1,300-Pound Shark Reveals How Toxic SoCal's Waters Are
A gigantic shark caught off Newport Beach reveals a sad reality: the waters off Southern California's coast are filled with toxins.
In a paper published in the Journal of Fish Biology, researchers determined that a 1,323-pound female mako shark caught in 2013 had extremely high levels of DDT, PCBs, and mercury. "I wouldn't eat that," Kady Lyons, the study's lead author, told the Orange County Register. "It's definitely something you would not want to eat if you were planning on having children because it has reproductive consequences."
Analyzing the shark's liver, scientists found DDT levels 100 times the legal limit of consumption allowed by the EPA, and PCB levels 250 times the limit. The shark's flesh was determined to have mercury 45 times the legal limit for women and children to eat it.
Both DDT (the pesticide made prominent in Rachel Carson's Silent Spring) and PCBs (polychlorinated biphenyl, substances used in electronics manufacturing) were outlawed in the 1970s due to their toxicity, but the chemicals have persisted in the waters. Locally, the DDT in the waters primarily came from the Montrose Chemical Corporation DDT manufacturing plant in Torrance, which has since been shut down. Because of the accumulation of the chemicals in the seabed, the seafloor off the Palos Verdes Peninsula has been declared a Superfund site. An estimated 14 tons of DDT is thought to be down there, and animals found throughout the waters have been observed with the DDT in their flesh.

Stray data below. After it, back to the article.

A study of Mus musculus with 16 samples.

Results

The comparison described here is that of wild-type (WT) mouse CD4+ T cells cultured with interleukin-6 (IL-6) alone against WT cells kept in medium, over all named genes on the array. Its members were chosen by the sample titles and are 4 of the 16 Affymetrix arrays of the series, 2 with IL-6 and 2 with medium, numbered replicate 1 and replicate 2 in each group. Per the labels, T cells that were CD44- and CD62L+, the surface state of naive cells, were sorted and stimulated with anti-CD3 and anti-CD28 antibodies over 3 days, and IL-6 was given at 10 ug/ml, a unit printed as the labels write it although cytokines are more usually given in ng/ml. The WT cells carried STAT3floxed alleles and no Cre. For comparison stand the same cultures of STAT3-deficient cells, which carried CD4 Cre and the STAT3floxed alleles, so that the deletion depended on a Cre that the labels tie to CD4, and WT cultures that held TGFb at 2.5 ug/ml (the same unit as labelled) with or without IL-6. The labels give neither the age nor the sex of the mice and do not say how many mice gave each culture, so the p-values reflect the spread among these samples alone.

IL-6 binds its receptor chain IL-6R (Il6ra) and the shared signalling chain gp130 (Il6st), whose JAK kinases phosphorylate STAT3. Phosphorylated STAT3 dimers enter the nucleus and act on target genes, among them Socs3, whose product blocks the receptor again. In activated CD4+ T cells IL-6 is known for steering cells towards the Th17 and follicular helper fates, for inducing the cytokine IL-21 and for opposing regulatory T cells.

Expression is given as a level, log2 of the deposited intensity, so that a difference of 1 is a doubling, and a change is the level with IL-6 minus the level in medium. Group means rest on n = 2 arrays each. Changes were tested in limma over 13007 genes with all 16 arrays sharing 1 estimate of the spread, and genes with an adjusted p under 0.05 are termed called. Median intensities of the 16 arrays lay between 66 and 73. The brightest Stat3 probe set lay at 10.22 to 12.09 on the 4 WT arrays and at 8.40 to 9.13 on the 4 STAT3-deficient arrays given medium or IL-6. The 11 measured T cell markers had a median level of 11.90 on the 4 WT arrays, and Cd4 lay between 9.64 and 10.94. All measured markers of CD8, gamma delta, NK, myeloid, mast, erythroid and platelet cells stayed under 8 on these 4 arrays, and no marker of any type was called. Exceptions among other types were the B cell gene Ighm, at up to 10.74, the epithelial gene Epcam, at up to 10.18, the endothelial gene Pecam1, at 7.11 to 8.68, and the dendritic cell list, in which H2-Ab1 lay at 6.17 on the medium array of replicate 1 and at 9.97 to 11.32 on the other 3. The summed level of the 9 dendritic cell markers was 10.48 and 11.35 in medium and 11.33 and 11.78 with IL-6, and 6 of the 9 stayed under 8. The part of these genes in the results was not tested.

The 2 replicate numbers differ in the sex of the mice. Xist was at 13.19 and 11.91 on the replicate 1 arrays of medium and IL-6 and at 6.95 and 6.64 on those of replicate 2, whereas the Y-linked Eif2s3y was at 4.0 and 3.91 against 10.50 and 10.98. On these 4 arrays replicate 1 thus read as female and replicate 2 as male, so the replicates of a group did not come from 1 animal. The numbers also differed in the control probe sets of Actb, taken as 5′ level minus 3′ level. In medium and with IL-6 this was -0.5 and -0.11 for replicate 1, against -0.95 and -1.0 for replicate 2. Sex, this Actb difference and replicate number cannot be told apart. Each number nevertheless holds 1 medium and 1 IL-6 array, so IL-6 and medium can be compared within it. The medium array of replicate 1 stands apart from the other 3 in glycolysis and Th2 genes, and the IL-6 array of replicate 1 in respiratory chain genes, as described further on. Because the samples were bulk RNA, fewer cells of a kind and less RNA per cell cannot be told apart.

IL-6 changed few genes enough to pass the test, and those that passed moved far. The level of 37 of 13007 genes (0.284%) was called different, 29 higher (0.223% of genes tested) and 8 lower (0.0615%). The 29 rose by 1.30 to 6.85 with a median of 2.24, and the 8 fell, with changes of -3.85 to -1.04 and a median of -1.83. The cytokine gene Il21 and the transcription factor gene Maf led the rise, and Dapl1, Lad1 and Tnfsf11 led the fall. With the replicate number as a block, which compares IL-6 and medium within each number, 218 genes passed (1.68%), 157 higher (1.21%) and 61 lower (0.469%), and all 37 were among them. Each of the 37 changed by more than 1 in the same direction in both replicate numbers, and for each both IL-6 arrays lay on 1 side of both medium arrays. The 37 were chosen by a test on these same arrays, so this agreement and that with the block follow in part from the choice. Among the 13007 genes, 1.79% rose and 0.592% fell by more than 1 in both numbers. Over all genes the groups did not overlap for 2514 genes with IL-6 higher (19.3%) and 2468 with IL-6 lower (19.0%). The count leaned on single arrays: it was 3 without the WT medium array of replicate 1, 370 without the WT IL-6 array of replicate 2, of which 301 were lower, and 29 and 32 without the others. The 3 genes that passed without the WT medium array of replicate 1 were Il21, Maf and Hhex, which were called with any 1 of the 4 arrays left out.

Sharks and other large fishes often have higher levels of toxins in their meat due to a process known as bioaccumulation, and officials have advised against eating several species of fish caught off our waters.
Aside from absorbing the toxins through the food they eat, female sharks also pass the substances off to their offspring, further adding to their persistence in the ecosystem. However, the local sharks have yet to show any ill effects from the chemicals. "Maybe these animals have developed ways of dealing with these contaminants that other vertebrates haven't," said CSULB professor Chris Lowe, another co-author on the paper.
The mako shark was caught for a reality TV show in 2013 off Huntington Beach and, at the time, was thought to be the world record for largest mako ever caught. It was donated to the scientists, who also cut open its stomach and discovered its last meal: a 4-year old sea lion.